New York Politician Looking for Gun Owners to Become ‘Special Deputy Sheriffs’

Nassau County Executive Bruce Blakeman is looking for a few good men and women willing to step up and serve as “provisional special deputy sheriffs” if needed, though when and if they might be called to duty is still an open question. 

In his announcement, Blakeman pointed to New York State County Law 655, which states “For the protection of human life and property during an emergency, the sheriff may deputize orally or in writing such number of additional special deputies as he deems necessary.” The executive says he’s encouraging military veterans and those with prior law enforcement experience to apply, but that’s not a requirement for the gig.

Applicants would need to meet the minimum qualifications of: 21-72 years of age; a U.S. citizen; possess a pistol license; be a Nassau resident, property owner or business owner; consent to full background check and random drug testing, and provide a fit-for-duty letter from a doctor, according to a county flyer and an advertisement published March 17 in Newsday’s classified section.
The nonunion position comes with a stipend of $150/day and “will have no police powers unless an emergency is declared by the County Executive and they are activated.” 
Blakeman spokesman Chris Boyle declined to comment. Nassau County Sheriff Anthony LaRocco did not reply to requests for details such as how many positions were available, how applicants would be vetted and trained and during which emergencies they would be deployed.

Those are fairly important questions, and I hope that Blakeman and the sheriff will provide more details. According to Newsday, Blakeman’s announcement came as a surprise to many county legislators, so gun owners and potential hires aren’t the only ones who are looking to learn more about Blakeman’s plans. 

In theory, this is a pretty good idea. Most police departments around the country are suffering from a staffing shortage, so being able to call up a pool of reserve deputies in case of an emergency makes sense. But we still need to know what these folks will actually be doing, Directing traffic? Taking part in search and rescue operations in the aftermath of a hurricane or flood? What would their role be if the sheriff has to respond to civil unrest or violent protests? 

I’m also a little concerned that this could turn into a program that benefits the county’s top brass and their friends/donors. A Virginia sheriff is currently awaiting trial on bribery charges after prosecutors accused him of running a similar program in Culpeper County, where donors cut checks so they could become “auxiliary deputies.” Former sheriff Scott Jenkins is scheduled to stand trial later this year, but two of those auxiliary deputies have already pled guilty to similar charges, including James Metcalfe; a northern Virginia business owner who says he cut the sheriff a $5,000 check in exchange for a badge.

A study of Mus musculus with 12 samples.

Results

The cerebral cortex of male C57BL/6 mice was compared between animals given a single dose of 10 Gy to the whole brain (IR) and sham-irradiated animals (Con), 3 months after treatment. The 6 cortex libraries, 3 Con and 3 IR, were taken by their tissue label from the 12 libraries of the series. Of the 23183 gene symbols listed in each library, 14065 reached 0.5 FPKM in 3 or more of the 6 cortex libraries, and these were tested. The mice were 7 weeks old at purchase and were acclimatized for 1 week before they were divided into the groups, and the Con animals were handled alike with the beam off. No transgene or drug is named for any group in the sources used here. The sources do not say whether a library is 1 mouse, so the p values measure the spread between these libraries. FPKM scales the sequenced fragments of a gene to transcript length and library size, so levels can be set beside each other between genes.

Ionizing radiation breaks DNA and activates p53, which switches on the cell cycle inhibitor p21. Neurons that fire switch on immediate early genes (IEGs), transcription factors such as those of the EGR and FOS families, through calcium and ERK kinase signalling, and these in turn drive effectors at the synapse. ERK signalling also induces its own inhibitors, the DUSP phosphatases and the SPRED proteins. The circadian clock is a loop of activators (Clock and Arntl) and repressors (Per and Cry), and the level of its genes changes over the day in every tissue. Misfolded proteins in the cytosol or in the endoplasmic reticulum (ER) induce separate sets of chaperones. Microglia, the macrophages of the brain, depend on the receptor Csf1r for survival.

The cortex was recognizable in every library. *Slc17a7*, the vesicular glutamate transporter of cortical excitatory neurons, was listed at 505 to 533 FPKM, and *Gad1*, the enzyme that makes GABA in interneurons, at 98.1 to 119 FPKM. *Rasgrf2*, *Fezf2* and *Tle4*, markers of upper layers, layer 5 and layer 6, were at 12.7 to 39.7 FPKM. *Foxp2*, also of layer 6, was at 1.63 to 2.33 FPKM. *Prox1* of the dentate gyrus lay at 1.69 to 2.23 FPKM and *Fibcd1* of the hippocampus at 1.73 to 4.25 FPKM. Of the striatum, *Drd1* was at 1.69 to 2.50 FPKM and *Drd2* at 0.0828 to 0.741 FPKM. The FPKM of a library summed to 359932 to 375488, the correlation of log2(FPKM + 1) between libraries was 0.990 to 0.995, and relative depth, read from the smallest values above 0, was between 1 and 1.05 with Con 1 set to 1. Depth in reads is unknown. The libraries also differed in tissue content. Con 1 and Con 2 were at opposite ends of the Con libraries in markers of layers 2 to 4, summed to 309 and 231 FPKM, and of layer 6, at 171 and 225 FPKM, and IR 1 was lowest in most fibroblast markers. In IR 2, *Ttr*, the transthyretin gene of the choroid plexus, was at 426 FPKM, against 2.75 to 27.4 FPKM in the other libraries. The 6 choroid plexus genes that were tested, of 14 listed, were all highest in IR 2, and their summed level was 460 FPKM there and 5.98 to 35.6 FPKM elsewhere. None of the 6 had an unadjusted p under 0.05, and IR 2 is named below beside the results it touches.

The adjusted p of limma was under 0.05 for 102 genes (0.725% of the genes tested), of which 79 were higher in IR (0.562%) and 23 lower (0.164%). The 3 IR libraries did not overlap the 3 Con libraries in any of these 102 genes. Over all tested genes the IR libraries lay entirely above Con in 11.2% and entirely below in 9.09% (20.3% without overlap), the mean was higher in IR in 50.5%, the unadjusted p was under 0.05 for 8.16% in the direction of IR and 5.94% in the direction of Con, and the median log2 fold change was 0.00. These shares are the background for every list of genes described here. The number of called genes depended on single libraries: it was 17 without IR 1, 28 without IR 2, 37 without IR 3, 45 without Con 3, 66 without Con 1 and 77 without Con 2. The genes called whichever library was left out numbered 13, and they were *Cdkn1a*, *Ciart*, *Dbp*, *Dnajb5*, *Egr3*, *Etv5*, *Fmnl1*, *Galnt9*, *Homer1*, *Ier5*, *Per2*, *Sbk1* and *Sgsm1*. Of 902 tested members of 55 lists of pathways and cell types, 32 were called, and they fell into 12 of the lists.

Jenkins, who came in third in the November election, has maintained his innocence. The former sheriff has pleaded not guilty to conspiracy, four counts of honest-services mail and wire fraud and eight counts of federal programs bribery. Jenkins is awaiting trial this spring.
Metcalf showed initial interest in the alleged badges-for-bribes scheme in 2019 with an email to another businessperson, from Prince William County: “I am ready to pop a little cash on somebody and get a badge brother will talk about that at lunch,” the email from Metcalf said, according to the indictment.
In or around late 2021 to early 2022, Jenkins, who served three terms in office, reached out to the Prince William businessman about building his “war chest” for his 2023 reelection campaign, according to the indictment.
They agreed the Prince William businessman would recruit individuals to make payments to the sheriff and the sheriff would appoint them auxiliaries, according to the indictment. The businessman allegedly contacted Metcalf in August 2022 and told him he could get a badge for $5,000. 
Jenkins appointed Metcalf on Sept. 6, 2022, and the next day Metcalf came to Culpeper to have lunch with the sheriff and the businessman who recruited him, according to the indictment.
“After lunch, Metcalf handed Jenkins a white envelope containing a $5,000 check from his company, Yona Systems Group, made payable to Scott Jenkins for Sheriff,” the indictment says. He went with the businessman to be sworn in that day in the Culpeper County Circuit Court Clerk’s Office.

What kind of safeguards will be in place in Nassau County to ensure that the “provisional special sheriff’s deputies” that are hired actually deserve the job? 

I don’t want to be overly critical of Blakeman’s initiative, but those are my initial concerns. Hopefully, as we learn more about what Blakeman envisions for these provisional deputies those concerns will be put to rest, but for the moment I’m taking a wait-and-see approach to the Nassau County executive’s plan.